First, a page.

BRUSSELS – Useful guidelines on how students can get involved and affect quality assurance and enhancement activities have been published by the European Students’ Union (ESU) as part of the Quest for Quality for Students project (QUEST). This includes a student handbook on quality assurance and enhancement and a user driven Wiki-style website.
Student participation in quality Scotland (sparqs) contributed greatly to creating the content of the handbook and the website. These deliverables are useful to both students that are already engaged in student reviews and beginners. They describe the core basics of quality assurance and enhancement of higher education and lead the reader through the process from the start till the end, explaining how they can themselves become involved in or train others in such activities. Additionally, the benefits of including students in quality related activities are explained and are therefore not only useful to the students themselves, but also to staff members of institutions and other stakeholders in higher education.
The website also contains all the research publications that have been published as part of the QUEST project as well as further reading on quality assurance such as articles, training materials and a glossary with common terms used in discussions related to the topic. The website supports enhanced student engagement by informing the readers about good practices, such as by publishing lists of organisations, agencies and countries that involve students actively in quality assurance provisions.
Student experts on quality assurance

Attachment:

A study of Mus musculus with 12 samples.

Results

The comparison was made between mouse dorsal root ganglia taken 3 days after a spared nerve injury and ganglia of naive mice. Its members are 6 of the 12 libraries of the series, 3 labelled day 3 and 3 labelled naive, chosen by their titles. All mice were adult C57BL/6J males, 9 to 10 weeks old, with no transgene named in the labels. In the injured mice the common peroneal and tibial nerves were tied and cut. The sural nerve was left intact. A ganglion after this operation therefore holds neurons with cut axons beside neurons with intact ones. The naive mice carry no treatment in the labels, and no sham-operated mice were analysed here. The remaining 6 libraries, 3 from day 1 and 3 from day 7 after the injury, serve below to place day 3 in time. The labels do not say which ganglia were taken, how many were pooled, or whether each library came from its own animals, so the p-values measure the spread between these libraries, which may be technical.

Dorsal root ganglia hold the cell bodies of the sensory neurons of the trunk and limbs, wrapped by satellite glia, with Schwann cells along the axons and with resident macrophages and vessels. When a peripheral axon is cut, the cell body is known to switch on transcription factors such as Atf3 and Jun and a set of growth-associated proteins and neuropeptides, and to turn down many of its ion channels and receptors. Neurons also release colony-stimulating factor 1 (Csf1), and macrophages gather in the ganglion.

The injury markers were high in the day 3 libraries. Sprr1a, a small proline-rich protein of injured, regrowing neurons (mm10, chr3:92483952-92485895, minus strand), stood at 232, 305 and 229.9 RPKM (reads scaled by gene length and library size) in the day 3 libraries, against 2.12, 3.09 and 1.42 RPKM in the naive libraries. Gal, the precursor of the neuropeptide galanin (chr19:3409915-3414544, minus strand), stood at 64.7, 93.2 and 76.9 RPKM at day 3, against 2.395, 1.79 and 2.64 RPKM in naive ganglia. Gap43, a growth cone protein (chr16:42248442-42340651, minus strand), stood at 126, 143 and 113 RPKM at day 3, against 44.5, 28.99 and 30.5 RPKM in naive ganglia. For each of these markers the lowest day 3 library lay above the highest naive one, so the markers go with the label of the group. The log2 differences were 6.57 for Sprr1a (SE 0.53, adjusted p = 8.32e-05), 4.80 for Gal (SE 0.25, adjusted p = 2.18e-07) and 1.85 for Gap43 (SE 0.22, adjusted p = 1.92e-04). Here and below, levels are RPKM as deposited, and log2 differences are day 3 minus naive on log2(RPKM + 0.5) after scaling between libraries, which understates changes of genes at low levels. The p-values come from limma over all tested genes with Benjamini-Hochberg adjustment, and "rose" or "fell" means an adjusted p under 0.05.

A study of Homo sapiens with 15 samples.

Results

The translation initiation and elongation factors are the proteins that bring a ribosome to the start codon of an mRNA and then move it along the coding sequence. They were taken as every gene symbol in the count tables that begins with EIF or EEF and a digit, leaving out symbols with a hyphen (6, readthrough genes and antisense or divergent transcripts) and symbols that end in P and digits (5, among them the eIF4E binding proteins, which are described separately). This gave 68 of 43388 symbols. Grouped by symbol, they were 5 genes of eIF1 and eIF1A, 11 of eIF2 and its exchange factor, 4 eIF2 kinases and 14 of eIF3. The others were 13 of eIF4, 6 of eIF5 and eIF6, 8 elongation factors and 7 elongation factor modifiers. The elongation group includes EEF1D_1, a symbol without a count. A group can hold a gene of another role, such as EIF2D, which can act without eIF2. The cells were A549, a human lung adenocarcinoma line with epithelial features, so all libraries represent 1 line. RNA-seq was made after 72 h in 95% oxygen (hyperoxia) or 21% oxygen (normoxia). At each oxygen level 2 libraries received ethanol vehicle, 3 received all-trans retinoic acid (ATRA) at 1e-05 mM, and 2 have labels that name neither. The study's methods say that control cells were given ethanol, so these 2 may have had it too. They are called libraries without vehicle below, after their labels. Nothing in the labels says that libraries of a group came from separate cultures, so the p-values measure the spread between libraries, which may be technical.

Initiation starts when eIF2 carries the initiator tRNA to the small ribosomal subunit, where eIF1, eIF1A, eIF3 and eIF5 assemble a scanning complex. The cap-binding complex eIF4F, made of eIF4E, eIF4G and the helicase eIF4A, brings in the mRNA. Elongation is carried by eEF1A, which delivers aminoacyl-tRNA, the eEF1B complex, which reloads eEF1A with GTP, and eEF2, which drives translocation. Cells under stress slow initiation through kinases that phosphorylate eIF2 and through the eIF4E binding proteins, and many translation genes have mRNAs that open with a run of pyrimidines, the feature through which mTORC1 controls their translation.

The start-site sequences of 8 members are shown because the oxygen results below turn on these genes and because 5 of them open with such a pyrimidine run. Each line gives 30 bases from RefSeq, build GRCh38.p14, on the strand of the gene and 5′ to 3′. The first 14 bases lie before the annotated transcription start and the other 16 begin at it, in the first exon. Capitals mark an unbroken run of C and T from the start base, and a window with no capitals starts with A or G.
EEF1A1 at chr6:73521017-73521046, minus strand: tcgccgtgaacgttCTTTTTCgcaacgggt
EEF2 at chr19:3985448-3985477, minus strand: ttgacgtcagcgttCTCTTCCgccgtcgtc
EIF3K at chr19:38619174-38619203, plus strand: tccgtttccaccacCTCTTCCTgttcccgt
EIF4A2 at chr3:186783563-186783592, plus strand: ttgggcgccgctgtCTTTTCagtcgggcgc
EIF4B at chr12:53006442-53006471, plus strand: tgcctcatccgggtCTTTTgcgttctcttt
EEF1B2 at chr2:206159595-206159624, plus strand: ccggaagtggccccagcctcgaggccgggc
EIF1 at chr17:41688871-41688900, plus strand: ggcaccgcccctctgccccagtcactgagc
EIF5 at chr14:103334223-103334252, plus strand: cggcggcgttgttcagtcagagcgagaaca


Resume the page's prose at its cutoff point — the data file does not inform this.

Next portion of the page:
One of the initiatives promoted by ESU in order to reach this goal is the Students’ Experts Pool on Quality Assurance that was established in 2009. This experiment proved to be a success and currently there are over sixty students engaged in the work of the Students’ Experts Pool, which is supported by a Steering Committee of five individuals. All information about the members of this pool, its function, how to become a member and how to contact it has been made available on the QUEST website in order to strengthen the transparency of its work.
“It became clear to us during the QUEST project that students are in general not aware of quality assurance activities at different levels, especially not at the European level. The closer the mechanisms were situated to the participants’ day-to-day reality, the more knowledge they seemed to have about them. Involvement in the work of student bodies also enhanced students’ knowledge of quality assurance. We aimed at bringing these processes closer to students all around Europe through the QUEST project and we believe we have made a valuable contribution by publishing the website, the handbook and the QUEST research series,” says Fernando Miguel Galán Palomares, Vice-Chairperson of ESU and main coordinator of QUEST.
The handbook and the website were presented at the final conference of QUEST in Brussels on 31 October as well as other parts that have been published as part of the project. Even though the research part of the project has come to an end, ESU will use the results in its policy making processes and promote its results to decision makers and stakeholders in higher education. The website is an important part of that outreach and will be continuously updated.
Experts in higher education were invited to debate students’ role in quality assurance.